Proper waste management still a distant dream for Mumbai | mumbai | Hindustan Times

The Brihanmumbai Municipal Corporation (BMC) collects about 9,600 metric tonnes of waste every day and transports it to three dumping sites across the city

mumbai Updated: Mar 30, 2016 23:55 IST
Sanjana Bhalerao
The boundary wall of Deonar dumping ground being repaired on Wednesday.
The boundary wall of Deonar dumping ground being repaired on Wednesday. (Prashant Waydande)

Though Union environment minister Prakash Javadekar has announced that an integrated waste management system will be implemented in Mumbai, it will be long time before this becomes a reality. An integrated waste management system is a comprehensive programme that includes collection, recycling and disposal of waste.

The Brihanmumbai Municipal Corporation (BMC) collects about 9,600 metric tonnes of waste every day and transports it to three dumping sites across the city. However, only 1,200 metric tonnes of this is segregated into wet and dry waste daily. This, according to waste management experts and officials from solid waste management department, is at the heart of the city’s waste management problems.

Currently, only 3,000 metric tonnes of waste is processed at Kanjurmarg. The BMC want to increase this by 1,000 metric tonnes but the dump’s expansion depends on Coastal Regulatory Zone (CRZ) clearance.

Following the Wednesday’s meeting with officials from the ministry of environment and forests, the BMC said it will issue tenders for the closure of the Mulund dumping ground within 15 days. However, its complete closure, which involves processing existing waste, is likely to take five years after the contracts are awarded.

lso, the BMC is cannot shut down the Deonar landfill immediately and is thus treading slowly. The Deonar dump is the city’s largest – it holds holds 12 million tonnes of waste and subsumes an additional 3,000 metric tonnes of waste daily. Tata Consultancy Services (TCS) has been appointed to study the feasibility building a waste-to-energy plant at the yard. According to the current plan, waste-to-energy conversion will be conducted on 10 to 12 hectares of the 132-hectare dump and the rest of the landfill will be closed in stages.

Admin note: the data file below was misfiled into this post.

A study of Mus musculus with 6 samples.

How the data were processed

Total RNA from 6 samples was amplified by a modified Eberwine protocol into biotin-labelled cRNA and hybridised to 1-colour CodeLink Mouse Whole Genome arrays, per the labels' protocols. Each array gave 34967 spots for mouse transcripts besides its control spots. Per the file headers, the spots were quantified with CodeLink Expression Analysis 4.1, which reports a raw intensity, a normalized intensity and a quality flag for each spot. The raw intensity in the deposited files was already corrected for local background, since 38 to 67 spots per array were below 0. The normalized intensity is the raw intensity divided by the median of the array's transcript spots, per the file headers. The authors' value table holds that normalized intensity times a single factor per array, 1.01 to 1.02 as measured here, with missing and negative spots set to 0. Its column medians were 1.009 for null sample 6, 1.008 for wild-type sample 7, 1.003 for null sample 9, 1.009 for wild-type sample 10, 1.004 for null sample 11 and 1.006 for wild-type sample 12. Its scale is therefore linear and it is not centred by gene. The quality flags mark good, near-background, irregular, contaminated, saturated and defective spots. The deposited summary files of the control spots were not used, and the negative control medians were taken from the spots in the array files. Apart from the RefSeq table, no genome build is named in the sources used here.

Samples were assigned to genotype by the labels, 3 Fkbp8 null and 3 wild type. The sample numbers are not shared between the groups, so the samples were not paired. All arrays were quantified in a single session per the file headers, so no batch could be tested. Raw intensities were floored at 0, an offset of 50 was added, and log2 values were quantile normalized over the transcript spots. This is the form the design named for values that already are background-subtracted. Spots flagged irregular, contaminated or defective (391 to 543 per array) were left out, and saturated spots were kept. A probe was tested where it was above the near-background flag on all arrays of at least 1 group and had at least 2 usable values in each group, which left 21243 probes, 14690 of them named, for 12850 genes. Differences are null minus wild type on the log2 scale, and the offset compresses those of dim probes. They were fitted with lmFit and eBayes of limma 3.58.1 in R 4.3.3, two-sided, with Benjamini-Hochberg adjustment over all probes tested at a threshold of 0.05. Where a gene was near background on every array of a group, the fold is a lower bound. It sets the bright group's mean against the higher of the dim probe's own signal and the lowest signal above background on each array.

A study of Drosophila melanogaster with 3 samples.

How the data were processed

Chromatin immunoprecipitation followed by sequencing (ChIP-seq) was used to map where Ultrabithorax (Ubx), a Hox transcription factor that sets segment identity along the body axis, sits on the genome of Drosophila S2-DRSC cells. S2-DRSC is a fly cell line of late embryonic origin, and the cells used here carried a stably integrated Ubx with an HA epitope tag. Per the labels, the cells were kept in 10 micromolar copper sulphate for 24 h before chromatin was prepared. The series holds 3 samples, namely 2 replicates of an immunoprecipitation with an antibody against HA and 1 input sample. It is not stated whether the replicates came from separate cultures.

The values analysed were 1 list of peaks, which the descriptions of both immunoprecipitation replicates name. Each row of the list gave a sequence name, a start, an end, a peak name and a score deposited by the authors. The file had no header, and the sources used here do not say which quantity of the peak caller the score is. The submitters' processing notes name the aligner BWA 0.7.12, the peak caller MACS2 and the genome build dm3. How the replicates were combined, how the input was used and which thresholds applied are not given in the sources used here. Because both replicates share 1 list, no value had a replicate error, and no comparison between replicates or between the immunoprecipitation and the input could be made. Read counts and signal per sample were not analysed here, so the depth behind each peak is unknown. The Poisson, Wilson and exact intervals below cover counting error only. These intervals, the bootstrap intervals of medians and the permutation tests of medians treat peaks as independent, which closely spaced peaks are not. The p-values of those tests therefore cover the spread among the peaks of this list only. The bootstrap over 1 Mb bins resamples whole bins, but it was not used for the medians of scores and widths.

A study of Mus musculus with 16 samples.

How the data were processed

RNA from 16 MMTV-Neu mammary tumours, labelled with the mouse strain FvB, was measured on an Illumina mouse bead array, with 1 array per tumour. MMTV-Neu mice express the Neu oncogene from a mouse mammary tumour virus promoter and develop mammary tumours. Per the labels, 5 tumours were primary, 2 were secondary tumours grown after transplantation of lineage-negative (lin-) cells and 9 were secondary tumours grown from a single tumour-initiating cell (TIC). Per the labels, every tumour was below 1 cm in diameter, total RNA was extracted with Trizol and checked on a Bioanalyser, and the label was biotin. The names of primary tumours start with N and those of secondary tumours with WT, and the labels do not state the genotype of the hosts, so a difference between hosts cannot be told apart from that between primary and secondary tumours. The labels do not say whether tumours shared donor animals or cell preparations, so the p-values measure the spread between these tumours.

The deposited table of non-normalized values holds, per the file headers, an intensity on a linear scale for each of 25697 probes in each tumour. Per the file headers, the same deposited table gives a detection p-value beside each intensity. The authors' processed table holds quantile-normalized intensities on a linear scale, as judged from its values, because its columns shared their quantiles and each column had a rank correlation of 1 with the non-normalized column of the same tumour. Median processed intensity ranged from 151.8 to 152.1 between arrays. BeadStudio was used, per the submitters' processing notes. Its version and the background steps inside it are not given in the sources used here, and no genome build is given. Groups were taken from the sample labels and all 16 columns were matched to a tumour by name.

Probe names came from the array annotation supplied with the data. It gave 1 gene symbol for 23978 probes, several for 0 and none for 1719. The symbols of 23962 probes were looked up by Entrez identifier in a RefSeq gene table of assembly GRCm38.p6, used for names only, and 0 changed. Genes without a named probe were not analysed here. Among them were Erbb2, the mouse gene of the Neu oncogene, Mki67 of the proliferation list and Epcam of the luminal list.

“To make sure that the city doesn’t face pollution havoc from repeated fires at the dumping ground, we will have to segregate waste and reduce the amount of garbage transported to landfills. Only then can the problem be solved,” said a senior civic official, who did not wish to be named. BMC chief Ajoy Mehta had also said in a press conference last week that the only way to solve the problem is segregating waste at source. However, a status check on this paints a gloomy picture.

In 2012, the BMC had issued a circular stating that by July 2013, it would stop accepting mixed waste and issue legal notices to housing societies that failed to segregate their garbage.

The civic body had also planned long-term measures to ensure 100% segregation, the initial deadline for which was March 2015. A year later, however, the BMC is still discussing measures such as zero-garbage societies. At present, the city has 32 segregation centres and the BMC aims to add 35 more by the end of the year.

The BMC has also planned landfills at Taloja and Airoli. However the sites are already embroiled in controversy, with various political parties opposing the move. And even if all the clearances were in place now, the sites would be only operational by 2019.